Watch the Sitholes every Thursday at 17h30 on e.tv
Pretoria - A young Pretoria man whose dream of becoming a soldier was shattered when he was in a train accident, leaving him with a deformed arm, is to receive more than R3.8 million from the Passenger Rail Agency of SA (Prasa).
The rail agency accepted liability for the accident on April 8, 2011, when Tobias Katlego Maluleka was 17.
He was travelling to the Wonderboom Mall by train when it was hit from behind near Akasia station.
Maluleka testified earlier that he was standing in the train when he felt the impact. He fell to the floor and lost consciousness. He woke up in hospital where he was treated for injuries to his head and arm. He remained in hospital for three weeks.
Prasa agreed earlier to pay Maluleka R160 000 for future medical expenses and R280 000 for general damages. Judge Cynthia Pretorius had to decide how much he should receive for future loss of income, as Prasa could not agree on an amount.
Maluleka said he could not carry heavy objects. His arm was deformed – a so-called gunstock deformity.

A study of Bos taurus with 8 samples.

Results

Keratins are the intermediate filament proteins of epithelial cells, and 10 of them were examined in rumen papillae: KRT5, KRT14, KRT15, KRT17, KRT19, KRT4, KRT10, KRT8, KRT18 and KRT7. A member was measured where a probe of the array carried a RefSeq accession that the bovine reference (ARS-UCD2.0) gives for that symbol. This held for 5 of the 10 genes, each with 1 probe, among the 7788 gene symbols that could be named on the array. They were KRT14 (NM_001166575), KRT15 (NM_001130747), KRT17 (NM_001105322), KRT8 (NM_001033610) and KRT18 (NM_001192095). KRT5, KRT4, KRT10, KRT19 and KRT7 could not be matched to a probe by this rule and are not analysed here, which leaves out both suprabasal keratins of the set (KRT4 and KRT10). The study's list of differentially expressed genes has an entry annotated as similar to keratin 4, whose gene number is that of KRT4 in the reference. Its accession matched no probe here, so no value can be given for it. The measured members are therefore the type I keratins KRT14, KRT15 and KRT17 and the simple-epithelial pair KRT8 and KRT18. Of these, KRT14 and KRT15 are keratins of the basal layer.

He told the court he was ashamed of his deformity.
He could not complete matric as he could no longer do garden work which paid for his schooling. He also could not cope with his studies after the accident.
Maluleka said he had always wanted to become a soldier, but because of the physical requirements he would not be able to.
He is unemployed at present.
Doctors testified that with the deformity of his left elbow, he was unable to carry heavy objects, so his employment prospects were limited to light work.
Prasa called an expert who said Maluleka was dyslexic and would not have become a soldier.
Judge Pretorius dismissed this evidence, as the expert could not explain why his scholastic performance deteriorated after the accident.
Judge Pretorius said Maluleka was a young man left with limited career opportunities. She ordered that Prasa pay him R3.6m for future loss of earnings in addition to the medical and general damages earlier agreed on. The money would be held in trust.